Iron replaces pricey metal


Graduate student Crisita Atienza conducts research on a catalyst with Paul Chirik, the Edwards S. Sanford Professor of Chemistry.

You’ve heard the song about a girl with diamonds on the soles of her shoes, but did you know that you have platinum in your sneakers? It also can turn up in shampoo, denim jeans, envelope glue and even beer.

The high-priced metal is an important industrial catalyst, but it is hard to remove from the final product and miniscule amounts are embedded within consumer products, costing manufacturers millions of dollars in lost platinum a year.

Now chemist Paul Chirik, Princeton’s Edwards S. Sanford Professor of Chemistry, and his research team have found that they can replace platinum with a much more common substance — iron. The switch to iron could save money and benefit the environment through a reduction in mining precious metals.

Chirik’s approach essentially coaxes iron into acting in a manner that is similar to pricier metals. Platinum can catalyze efficiently because it can transfer two electrons at a time between molecules during a chemical reaction. Iron, in contrast, typically transfers only one electron at a time. Because electrons like to travel in pairs, this one-electron transfer leaves the surrounding molecules with unpaired electrons, or free radicals, that react with other nearby molecules. As a result, iron can spur the creation of various chemical products other than the intended product.

“The fundamental question is how do you take a metal that wants to do one-electron chemistry and shut that inclination off so that it does twoelectron chemistry,” Chirik said.

The solution pioneered by Chirik and then-graduate student Aaron Tondreau, now a postdoctoral researcher at the Swiss Federal Institute of Technology in Zurich, was to pack a bulky molecule that also engages in radical chemistry around the iron. Thus, both the iron and the surrounding molecule participate in radical chemistry, giving the net result of transferring two electrons.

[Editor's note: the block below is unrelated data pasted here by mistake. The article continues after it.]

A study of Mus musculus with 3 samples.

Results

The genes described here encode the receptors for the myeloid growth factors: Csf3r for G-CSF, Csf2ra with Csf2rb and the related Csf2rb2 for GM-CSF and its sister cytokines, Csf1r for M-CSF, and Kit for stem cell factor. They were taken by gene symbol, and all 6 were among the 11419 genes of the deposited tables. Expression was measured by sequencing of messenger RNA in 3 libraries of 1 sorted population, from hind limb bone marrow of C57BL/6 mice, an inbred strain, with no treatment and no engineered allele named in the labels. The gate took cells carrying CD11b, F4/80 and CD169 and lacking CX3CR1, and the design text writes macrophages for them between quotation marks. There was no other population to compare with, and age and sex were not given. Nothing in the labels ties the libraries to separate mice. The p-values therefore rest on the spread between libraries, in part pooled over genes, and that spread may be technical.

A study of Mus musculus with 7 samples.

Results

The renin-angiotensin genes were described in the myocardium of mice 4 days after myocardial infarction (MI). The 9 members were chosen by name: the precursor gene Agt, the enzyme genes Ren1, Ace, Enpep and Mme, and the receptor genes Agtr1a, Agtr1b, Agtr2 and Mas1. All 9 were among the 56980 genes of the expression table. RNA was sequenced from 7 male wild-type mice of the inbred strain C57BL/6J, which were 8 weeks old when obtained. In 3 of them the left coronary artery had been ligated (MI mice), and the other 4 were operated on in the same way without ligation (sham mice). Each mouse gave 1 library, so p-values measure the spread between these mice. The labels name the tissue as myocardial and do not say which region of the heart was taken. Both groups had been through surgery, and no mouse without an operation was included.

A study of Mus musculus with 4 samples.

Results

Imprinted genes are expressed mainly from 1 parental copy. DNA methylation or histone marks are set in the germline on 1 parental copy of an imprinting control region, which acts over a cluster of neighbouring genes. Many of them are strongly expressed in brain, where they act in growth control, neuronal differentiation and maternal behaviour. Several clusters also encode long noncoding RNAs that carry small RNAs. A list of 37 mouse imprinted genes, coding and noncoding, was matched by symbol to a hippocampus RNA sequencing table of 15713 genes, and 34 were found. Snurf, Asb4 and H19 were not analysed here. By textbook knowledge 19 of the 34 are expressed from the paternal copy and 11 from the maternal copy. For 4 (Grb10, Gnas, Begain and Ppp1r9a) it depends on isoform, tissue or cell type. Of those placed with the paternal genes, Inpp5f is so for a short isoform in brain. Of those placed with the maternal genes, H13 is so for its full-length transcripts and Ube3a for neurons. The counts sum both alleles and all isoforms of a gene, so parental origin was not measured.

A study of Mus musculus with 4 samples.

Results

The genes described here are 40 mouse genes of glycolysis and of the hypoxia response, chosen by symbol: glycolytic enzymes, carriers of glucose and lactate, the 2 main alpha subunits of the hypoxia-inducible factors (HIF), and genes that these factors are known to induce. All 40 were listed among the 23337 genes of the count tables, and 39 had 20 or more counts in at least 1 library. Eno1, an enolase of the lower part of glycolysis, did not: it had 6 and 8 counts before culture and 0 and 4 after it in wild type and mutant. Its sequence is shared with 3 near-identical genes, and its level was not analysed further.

The team’s early results attracted the attention of Albany-based Momentive Performance Materials, which makes silicone for, among other things, envelope glue. In collaboration with Momentive scientists, Chirik’s team began to tinker with the size of the surrounding molecule on the iron. Through trial and error they found the supporting molecules that were just the right size needed to make silicone without making unwanted byproducts. They published the results in Science in February 2012. Chirik and Princeton graduate student Crisita Atienza are now working to make a hardier version of the catalyst.

The reactions are elegantly simple, Chirik said. “It is just good old-fashioned chemistry that makes what you want,” he said.

The work was supported by the National Science Foundation, the Air Force Office of Scientific Research, the Army Research Office, the Office of Naval Research, the David and Lucile Packard Foundation, and the Alfred P. Sloan Foundation.